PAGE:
COLUMBUS, Ohio - The cleaner the greenhouse, the fewer the problems with insects and plant diseases.
That's the message Steve Nameth, an Ohio State University plant pathologist, is striving to drive home to horticulturists, gardeners and nursery professionals.
"I always tell people to imagine the level of cleanliness in a greenhouse as they would envision in a hospital. You want the environment as microbial-free as possible," said Nameth. "Unsanitary conditions are going to contribute to disease and insect development and their spread from one plant to another."
Nameth will discuss the importance of greenhouse sanitation at the 2002 Ohio Florists' Association Short Course on July 17 at 10 a.m. The educational event and trade show will be held from July 13-17 at the Greater Columbus Convention Center and will bring together professionals from around the country to discuss a wide variety of topics pertaining to the floriculture industry. Over 180 seminars will be presented.
Nameth said keeping a greenhouse clean and dust-free is a common-sense responsibility that more growers should follow.
"Most growers could do a better job at sanitation," said Nameth. "They have not had to pay attention to that because of the chemicals that are available to control diseases and insects. It's just easier to spray than it is to clean up, but we try to encourage growers to follow practices to avoid diseases that don't involve chemicals."
Major sanitation concerns in the greenhouse include the presence of weeds, dust, plant debris, clutter, pet plants and personnel maintenance.
Nameth said weeds are one of the biggest harbors of plant pathogens. "The more weeds in the greenhouse, the more insects, and especially diseases, that are present because of the increased humidity that weeds generate," he said.
Standing water in the greenhouse also contributes to weed development, which leads to an increase in plant diseases. "Many people don't realize it, but algae is the No. 1 weed in the greenhouse. Not only is it a hazard for people working, but it's just a humidity factory," said Nameth. "If you've got algae in your greenhouse, that tells you you've got too much humidity and, as a result, too much standing water."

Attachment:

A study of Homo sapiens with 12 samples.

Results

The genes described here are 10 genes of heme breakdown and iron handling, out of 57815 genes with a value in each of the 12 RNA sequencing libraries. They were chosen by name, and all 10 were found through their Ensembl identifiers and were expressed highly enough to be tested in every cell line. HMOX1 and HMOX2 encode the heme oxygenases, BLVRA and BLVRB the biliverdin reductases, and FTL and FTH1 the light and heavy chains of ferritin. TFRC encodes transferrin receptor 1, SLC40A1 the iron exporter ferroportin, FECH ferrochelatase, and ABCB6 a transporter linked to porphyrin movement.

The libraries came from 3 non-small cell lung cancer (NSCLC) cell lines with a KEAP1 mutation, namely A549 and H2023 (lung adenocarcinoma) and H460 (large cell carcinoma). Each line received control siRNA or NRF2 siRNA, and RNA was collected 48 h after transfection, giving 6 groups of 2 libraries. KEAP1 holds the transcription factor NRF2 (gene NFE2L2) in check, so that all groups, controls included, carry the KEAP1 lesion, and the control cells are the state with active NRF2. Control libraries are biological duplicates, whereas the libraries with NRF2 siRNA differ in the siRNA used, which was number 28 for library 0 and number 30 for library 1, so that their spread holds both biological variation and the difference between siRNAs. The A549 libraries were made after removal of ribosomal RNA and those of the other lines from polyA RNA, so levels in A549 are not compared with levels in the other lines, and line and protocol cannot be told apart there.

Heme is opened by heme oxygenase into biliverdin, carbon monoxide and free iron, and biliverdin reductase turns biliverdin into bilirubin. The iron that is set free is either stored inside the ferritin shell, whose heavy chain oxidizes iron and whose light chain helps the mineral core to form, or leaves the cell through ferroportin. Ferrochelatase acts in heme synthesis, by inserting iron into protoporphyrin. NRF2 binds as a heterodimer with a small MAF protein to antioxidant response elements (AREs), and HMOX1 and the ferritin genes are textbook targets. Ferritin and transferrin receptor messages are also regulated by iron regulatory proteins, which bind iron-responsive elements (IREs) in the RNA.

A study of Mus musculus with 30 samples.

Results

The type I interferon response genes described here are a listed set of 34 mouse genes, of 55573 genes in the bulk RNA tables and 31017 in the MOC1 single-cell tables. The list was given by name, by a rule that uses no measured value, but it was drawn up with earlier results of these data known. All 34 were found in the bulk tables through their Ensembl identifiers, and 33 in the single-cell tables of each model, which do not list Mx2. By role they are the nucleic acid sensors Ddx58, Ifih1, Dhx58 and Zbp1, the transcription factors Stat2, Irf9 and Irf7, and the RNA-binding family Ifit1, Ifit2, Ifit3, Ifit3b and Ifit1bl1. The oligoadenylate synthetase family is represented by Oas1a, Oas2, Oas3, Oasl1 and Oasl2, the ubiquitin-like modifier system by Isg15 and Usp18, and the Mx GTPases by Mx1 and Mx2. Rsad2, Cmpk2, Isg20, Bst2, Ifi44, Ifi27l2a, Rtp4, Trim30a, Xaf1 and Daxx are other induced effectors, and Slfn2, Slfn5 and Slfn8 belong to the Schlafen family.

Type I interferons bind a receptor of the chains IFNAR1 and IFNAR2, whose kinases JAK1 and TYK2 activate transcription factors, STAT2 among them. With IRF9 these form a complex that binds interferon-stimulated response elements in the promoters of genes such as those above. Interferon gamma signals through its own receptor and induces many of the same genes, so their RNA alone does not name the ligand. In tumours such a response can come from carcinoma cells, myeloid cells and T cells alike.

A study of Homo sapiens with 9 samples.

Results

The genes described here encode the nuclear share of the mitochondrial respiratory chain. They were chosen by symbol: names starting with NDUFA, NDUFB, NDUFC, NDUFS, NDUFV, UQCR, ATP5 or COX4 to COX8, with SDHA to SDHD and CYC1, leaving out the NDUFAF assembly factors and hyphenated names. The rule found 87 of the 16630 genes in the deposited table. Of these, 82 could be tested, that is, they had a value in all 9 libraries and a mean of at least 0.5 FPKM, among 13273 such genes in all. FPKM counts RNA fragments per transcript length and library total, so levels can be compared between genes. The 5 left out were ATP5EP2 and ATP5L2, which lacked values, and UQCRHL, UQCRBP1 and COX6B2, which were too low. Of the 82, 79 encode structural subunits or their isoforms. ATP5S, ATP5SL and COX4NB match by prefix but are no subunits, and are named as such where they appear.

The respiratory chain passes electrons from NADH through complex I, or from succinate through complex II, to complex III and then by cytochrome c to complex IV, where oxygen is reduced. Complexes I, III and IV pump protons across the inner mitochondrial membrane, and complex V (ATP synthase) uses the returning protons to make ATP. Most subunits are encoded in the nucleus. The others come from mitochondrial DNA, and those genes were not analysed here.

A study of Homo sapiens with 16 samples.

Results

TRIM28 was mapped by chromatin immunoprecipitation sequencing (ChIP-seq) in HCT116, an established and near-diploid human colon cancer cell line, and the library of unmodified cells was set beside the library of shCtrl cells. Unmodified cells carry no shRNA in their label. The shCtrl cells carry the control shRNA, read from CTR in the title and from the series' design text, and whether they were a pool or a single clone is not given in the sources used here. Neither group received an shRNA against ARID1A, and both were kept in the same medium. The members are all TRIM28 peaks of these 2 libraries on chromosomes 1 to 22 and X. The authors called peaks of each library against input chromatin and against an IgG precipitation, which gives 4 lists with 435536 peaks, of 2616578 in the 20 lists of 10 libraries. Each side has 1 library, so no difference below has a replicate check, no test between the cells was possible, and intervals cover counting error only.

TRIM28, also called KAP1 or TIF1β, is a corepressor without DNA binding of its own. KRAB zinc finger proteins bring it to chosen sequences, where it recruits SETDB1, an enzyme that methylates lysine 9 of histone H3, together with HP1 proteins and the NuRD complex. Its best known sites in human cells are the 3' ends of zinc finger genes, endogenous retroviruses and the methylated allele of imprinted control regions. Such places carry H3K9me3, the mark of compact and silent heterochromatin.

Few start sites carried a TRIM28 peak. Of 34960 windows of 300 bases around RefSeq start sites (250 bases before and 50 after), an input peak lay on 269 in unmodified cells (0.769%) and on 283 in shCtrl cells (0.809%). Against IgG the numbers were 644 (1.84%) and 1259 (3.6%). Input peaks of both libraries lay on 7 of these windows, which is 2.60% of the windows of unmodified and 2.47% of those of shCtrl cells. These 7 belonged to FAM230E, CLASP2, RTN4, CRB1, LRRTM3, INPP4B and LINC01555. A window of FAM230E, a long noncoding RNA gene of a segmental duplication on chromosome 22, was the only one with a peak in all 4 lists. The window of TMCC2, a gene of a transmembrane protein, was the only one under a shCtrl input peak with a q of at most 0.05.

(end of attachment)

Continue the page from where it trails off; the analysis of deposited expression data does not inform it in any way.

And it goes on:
Dust, debris and general clutter tend to be a magnet for insects and diseases. "Raising a cloud of dust in the greenhouse just spreads fungal spores everywhere and clutter and plant debris are just vehicles for collecting dust," said Nameth. "Growers should keep their greenhouse floors as clean as possible and throw away any debris and then empty the trash can, so that there is no trash anywhere in the greenhouse."
Even unassuming factors, like working habits or maintenance of pet plants, tend to contribute to disease development. "Employees should make sure that they are sanitizing their hands and not moving from one greenhouse to the other without doing so. Some bacteria and viruses are very infectious. All one has to do is touch or rub up against a plant and they can easily transmit the disease from one plant to another," said Nameth.
"Pet plants, or household plants, that growers overwinter in greenhouses are sources of year-round diseases and should be discarded. Growers should give their greenhouses a clean start every year," he said.
Nameth will also discuss perennial plant disease management and the latest on bacterial wilt of geranium and daylily rust under separate sessions during the short course. For more information on the 2002 OFA Short Course call (800) 737-9486 or log on to http://www.ofa.org.